Summary: July 19, 09 The virtues we must "put on" as Christians.
Jesus and Toxic People July 19, 2009
Wardrobe for living with people
Colossians 3:12-17 (NLT)
12 Since God chose you to be the holy people he loves, you must clothe yourselves with tenderhearted mercy, kindness, humility, gentleness, and patience. 13 Make allowance for each other’s faults, and forgive anyone who offends you. Remember, the Lord forgave you, so you must forgive others. 14 Above all, clothe yourselves with love, which binds us all together in perfect harmony. 15 And let the peace that comes from Christ rule in your hearts. For as members of one body you are called to live in peace. And always be thankful.
16 Let the message about Christ, in all its richness, fill your lives. Teach and counsel each other with all the wisdom he gives. Sing psalms and hymns and spiritual songs to God with thankful hearts. 17 And whatever you do or say, do it as a representative of the Lord Jesus, giving thanks through him to God the Father.
Fashion is huge these days – probably sells as much magazines as it does clothes – do we go through a day without thinking about what we are wearing, ort what others are wearing? It is appropriate to the situation? Does it make be look fat? Do I look good?
We in the west pay so much attention to what we wear on our bodies. It is a good thing that St. Paul gave some thought to how we clothe our souls.
This is the last in the series that we’ve called “Jesus and Toxic People.”
I want to remind you that we can seldom change the toxic people around us. Some times God uses us to change people, but it is usually easier to change ourselves!
Paul writes about the fashion of our soul, not just for dealing with toxic people, but for everyone we are around – especially those in the church.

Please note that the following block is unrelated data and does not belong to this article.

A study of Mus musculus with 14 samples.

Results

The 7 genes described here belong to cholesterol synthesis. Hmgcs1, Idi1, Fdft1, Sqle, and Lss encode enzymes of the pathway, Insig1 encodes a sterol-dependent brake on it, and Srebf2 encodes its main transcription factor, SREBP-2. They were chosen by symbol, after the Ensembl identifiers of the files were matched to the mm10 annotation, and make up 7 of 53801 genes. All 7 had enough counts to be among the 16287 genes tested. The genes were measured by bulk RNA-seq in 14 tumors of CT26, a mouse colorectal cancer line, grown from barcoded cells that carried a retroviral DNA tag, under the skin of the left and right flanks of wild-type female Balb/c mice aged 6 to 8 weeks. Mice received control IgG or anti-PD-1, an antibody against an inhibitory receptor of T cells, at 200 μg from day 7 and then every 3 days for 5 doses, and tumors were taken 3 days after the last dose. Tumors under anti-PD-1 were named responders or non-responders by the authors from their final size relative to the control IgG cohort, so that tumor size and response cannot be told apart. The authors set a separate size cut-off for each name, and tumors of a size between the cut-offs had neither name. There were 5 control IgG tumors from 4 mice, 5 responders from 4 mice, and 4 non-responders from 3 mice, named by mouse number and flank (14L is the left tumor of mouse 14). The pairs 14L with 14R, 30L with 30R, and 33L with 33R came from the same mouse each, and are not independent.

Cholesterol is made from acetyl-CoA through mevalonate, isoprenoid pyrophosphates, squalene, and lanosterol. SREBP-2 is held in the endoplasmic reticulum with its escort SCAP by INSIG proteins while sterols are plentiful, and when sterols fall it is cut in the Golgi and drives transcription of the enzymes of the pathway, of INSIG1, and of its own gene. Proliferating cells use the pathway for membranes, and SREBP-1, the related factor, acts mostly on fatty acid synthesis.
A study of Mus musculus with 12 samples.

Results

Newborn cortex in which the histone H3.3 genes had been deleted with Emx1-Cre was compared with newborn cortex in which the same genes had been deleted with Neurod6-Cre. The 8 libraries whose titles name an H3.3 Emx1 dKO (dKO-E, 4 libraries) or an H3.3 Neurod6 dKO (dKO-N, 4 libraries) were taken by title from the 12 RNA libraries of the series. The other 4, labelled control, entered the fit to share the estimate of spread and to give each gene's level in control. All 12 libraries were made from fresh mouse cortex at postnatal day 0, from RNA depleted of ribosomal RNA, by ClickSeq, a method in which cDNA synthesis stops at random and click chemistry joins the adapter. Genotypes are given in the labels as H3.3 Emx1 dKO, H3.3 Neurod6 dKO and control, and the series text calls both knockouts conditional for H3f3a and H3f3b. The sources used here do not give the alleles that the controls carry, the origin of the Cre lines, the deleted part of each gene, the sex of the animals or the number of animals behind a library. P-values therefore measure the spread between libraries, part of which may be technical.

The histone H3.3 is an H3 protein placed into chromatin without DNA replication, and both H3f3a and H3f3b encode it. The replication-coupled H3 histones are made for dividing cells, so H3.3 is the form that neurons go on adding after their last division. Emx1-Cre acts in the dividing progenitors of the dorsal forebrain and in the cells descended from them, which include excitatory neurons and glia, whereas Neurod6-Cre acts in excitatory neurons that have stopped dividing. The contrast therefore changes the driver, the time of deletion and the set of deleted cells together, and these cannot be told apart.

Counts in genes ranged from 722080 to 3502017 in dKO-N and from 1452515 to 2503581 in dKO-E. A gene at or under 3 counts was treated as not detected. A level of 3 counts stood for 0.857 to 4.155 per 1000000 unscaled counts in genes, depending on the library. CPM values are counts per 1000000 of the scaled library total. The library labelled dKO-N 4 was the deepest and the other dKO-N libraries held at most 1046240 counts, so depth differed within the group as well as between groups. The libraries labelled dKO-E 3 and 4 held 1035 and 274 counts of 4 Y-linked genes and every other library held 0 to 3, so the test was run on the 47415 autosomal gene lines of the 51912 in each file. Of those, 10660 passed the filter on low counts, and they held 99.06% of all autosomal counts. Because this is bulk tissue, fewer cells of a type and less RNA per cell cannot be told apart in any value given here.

You may have heard about the armor of God found in Ephesians 6
The belt of truth buckled around your waist, with the breastplate of righteousness in place, 15 and with your feet fitted with the readiness that comes from the gospel of peace. 16 In addition to all this, take up the shield of faith, with which you can extinguish all the flaming arrows of the evil one. 17 Take the helmet of salvation and the sword of the Spirit, which is the word of God.
– I’ve known people who have imagined themselves putting on the armor of God every morning as they started their day. I think that that is pushing the metaphor a bit too far. But I do think, that just as we give thought to the clothes we wear each morning, we should give more thought to how we clothe our soul throughout the day.
Ancient Celtic prayer: Clothe our souls with grace while clothing our bodies with raiment
Put on Tenderhearted mercy
Compassion – a deep sensitivity to the needs and sorrows of others – N.T. Wright
– make it you purpose to know what the other needs and how the other hurts – not as ammunition, but in order to protect them – guard their heart
Put on Kindness – “the art of being a dear” – Lord Hailsham
“God is the kindest person I know” – Graham Cooke
What did the pastor teach today? “That we should be kind.” I don’t want this to be so trite – it is much deeper than that – we are to be kind to the people who will never be kind back, we are to be kind to people who could never be kind back.
32 "If you love those who love you, what credit is that to you? Even sinners love those who love them. 33 And if you do good to those who are good to you, what credit is that to you? Even sinners do that. 34 And if you lend to those from whom you expect repayment, what credit is that to you? Even sinners lend to sinners, expecting to be repaid in full. 35 But love your enemies, do good to them, and lend to them without expecting to get anything back. Then your reward will be great, and you will be children of the Most High, because he is kind to the ungrateful and wicked. 36 Be merciful, just as your Father is merciful.
Put on Humility – not thinking to highly of yourself, nor thinking to lowly
THE DISEASE OF PRIDE “Pride is the only disease known to man that makes everyone sick except the one who has it” SOURCE: “Our Daily Bread,” December, 1986.
Ed Silvoso – Pride is like bad breath – everyone knows you have it except you.
Often it is easy to lose our humility when we feel we have been wronged. We might say “I might not be great, but I’m not that bad!” and we set ourselves up as judge over the one who has offended us. We must keep our humilty from sliping off during the rough days.